The newly established International Criminal Court risks being "fatally damaged” by demands that it cancels its first-ever war-crimes indictment because it is an obstacle to ending Uganda's 20-year civil war.
The dispute over a slew of charges against the leader of the Lord"s Resistance Army, Joseph Kony- who is accused of mass murder, rape, mutilations and abducting children to become soldiers – has opened a rift between African governments, which believe trials should be subordinated to local peace deals and reconciliation, and countries such as Britain, which strongly back the ICC as establishing international justice.
The row also reflects differences seen at tribunals for Rwanda and Sierra Leone over whether international trials should take precedence.
The ICC launched its investigation into the LRA's crimes at the urging of the Ugandan government and issued indictments against Kony and four of his commanders in 2005.
Kony has demanded that the charges be dropped as a condition for a peace deal and Uganda's President, Yoweri Museveni, wants the ICC to agree. Museveni has also promised the LRA leader immunity from arrest in Uganda.
The ICC says governments are obliged to implement the warrants if Kony is on their territory and has reminded Uganda, Sudan and the Democratic Republic of Congo of their legal commitments.
Court officials are privately furious, not only because they risk seeing their historic first case reduced to farce, but also because they launched the inquiry at the request of the Ugandan government, which is now accusing the ICC of neo-colonialism.
Richard Goldstone, the former chief prosecutor for the Bosnia and Rwanda tribunals, which laid the ground for the ICC, said that if the charges against Kony were dropped, it could destroy the court.
“It would be fatally damaging to the credibility of the international court if Museveni was allowed to get away with granting amnesty. I just don't accept that Museveni has any right to use the International Criminal Court like this,” he said.
“If you have a system of international justice, you've got to follow through on it. If in some cases that's going to make peace negotiations difficult, that may be the price that has to be paid. The international community must keep a firm line and say are we going to have a better world because of the international court or not.”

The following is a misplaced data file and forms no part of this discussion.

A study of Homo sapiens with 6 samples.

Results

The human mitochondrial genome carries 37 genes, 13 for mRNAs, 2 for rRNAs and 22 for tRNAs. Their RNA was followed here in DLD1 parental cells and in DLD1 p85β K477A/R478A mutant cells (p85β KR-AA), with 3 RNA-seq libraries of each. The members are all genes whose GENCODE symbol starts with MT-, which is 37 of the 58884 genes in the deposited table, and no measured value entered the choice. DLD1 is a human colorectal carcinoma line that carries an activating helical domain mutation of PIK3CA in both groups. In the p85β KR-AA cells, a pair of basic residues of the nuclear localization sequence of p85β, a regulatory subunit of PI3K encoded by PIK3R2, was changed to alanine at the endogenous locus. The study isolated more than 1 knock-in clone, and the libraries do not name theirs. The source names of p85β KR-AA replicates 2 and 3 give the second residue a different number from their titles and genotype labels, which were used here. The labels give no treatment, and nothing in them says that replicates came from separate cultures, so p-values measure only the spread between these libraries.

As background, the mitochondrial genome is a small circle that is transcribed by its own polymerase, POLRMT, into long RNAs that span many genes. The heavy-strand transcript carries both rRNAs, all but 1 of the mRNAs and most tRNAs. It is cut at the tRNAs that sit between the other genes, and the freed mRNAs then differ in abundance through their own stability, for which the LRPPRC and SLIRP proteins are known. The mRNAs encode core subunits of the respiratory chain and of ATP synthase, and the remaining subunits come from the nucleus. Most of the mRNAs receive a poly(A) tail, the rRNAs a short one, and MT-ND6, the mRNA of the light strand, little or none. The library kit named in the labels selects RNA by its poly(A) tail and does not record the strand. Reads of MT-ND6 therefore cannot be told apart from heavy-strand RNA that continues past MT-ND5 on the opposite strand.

The United Kingdom is dismayed at the prospect of the court, a favoured project of Prime Minister Tony Blair, being embarrassed. The British Foreign Office on Monday said the UK is a “strong supporter of international justice and the ICC” as an imperative to tackle impunity. It said the warrants should be enforced but recognises this is “an extremely difficult issue” and it would be best if a deal could be reached that takes into account international justice and local needs. Officials were at a loss to say what that might be.
International justice has been a source of friction between African governments and the West since the establishment of the United Nations tribunal to try those responsible for the 1994 genocide in Rwanda.
The Rwandan government wanted to put the Hutu leadership on trial itself, saying that distant and slow-paced hearings in a foreign country would not serve justice or reconciliation. However, Rwandan authorities would not have been able to arrest the leaders now held by the UN tribunal, some of whom are in jail for life.
The UN-backed tribunal in Sierra Leone has also proved contentious. Its hybrid court of foreign and local judges has brought former Liberian president Charles Taylor to justice for his role in Sierra Leone's brutal civil war.
But the court has been strongly criticised in Sierra Leone and abroad for other trials. Peter Penfold, the former British high commissioner to Freetown, has said that prosecutions threaten a fragile peace.
Among the most sensitive is that of Sam Hinga Norman, the former interior minister and leader of a militia, who is on trial for crimes against humanity, including murder and recruitment of child soldiers.
Hinga Norman is a hero to many Sierra Leoneans for using his Kamajor militia to defend towns from rebels notorious for indiscriminate killings, mutilations and abduction of children. His prosecution is deeply unpopular. Hinga Norman says that as a then-serving minister, and fighting to defend the legitimate government, he was taking orders from President Ahmad Tejan Kabbah, the British-backed leader who is not on trial.
In its dispute with the ICC, Uganda points to South Africa as an example of the need to subordinate justice to ending conflict. South Africa established a Truth and Reconciliation Commission that offered amnesty in return for confession and full disclosure. Alex Boraine, the TRC's vice-chairperson, said Nelson Mandela was forced to agree to demands for an amnesty by white officials.
“Because of the need to get a deeply divided society to a point that they could actually live together in the same land there had to be fairly significant compromises,” Boraine said.
Britain has backed the ICC in the belief that the fear of international justice will discourage the kind of crimes committed in Rwanda, Uganda and Sierra Leone in the future. But the trials to date appear to have done little to deter mass killings in the Democratic Republic of Congo by Rwandan and Ugandan forces, or Sudanese government complicity in the genocide of Darfur.
However, Goldstone said international justice is having an effect.
“It's impossible to say what crimes might have been committed that were prevented because of these tribunals. But I think there is circumstantial evidence that things are changing,” Goldstone said.